A company called Envia Systems announced it has built a record-setting lithium-ion battery with an energy storage density of 400 watt-hours per kilogram (Wh/Kg).  A more typical Li-ion battery has about half that density.  Converting this to standard engineering units gives 1.44 megajoules per kilogram (Mj/Kg).

Compare the energy content of gasoline.  Published sources say the energy content of gasoline is around 35 megajoules per liter (Mj/L) or roughly 40 Mj/Kg.  So, gasoline carries almost 28 times as much energy as the same weight in a battery.

That’s a big disadvantage for a battery, but even that doesn’t tell the whole story.  Let’s say you have an electric car with a (very large) 1000-lb battery.  That’s 454 kg, so the total energy in the battery is 654 Mj.  A car with a smallish 12-gallon gas tank is carrying roughly 78 lbs of gasoline, or 35 kg.  The total energy in the gas tank is therefore 1400 Mj.  So a car with a relatively small gas tank has over twice the energy on board as a car with a very large version of the world’s best battery.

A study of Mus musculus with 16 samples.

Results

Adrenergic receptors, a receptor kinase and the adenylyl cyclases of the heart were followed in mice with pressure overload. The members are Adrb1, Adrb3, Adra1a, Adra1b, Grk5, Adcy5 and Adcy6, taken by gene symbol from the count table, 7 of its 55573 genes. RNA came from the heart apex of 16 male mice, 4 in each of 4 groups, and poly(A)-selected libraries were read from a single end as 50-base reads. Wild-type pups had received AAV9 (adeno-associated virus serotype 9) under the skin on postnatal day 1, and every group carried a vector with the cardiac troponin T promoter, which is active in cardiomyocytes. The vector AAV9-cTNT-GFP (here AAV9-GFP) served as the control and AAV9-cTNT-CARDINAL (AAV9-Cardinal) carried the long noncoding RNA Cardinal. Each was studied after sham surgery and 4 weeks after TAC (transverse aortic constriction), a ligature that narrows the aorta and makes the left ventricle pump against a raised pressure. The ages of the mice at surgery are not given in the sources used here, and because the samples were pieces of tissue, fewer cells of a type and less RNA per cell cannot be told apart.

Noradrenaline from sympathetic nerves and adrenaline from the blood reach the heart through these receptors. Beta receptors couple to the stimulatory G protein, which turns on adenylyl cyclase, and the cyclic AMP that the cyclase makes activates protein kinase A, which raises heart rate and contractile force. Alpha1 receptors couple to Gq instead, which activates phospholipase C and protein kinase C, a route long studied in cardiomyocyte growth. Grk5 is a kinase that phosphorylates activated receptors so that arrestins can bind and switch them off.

But not even that tells the whole story.  Whereas a car can keep going till you burn every last drop of gasoline, you can’t suck all the electrons out of a battery.  And whereas gas can keep you at full speed till it’s all gone, battery performance drops off sharply as it nears the end of its charge.

So I need less than 40 lbs. of gasoline to drive as far as a half-ton battery, and my gas-powered car won’t get wimpy as the tank gets low, nor will its overall performance decline as the gas tank gets old.

To the savvy engineers, chemists, and physicists at Envia, my hearty congratulations on your notable achievement.  It didn’t come easy, and your work holds promise of changing the landscape of the energy world.  I wish you the best of success and hope your efforts eventually contribute to the production of a practical electric car.

But please keep on working, because battery powered cars are just not competitive.  Yet.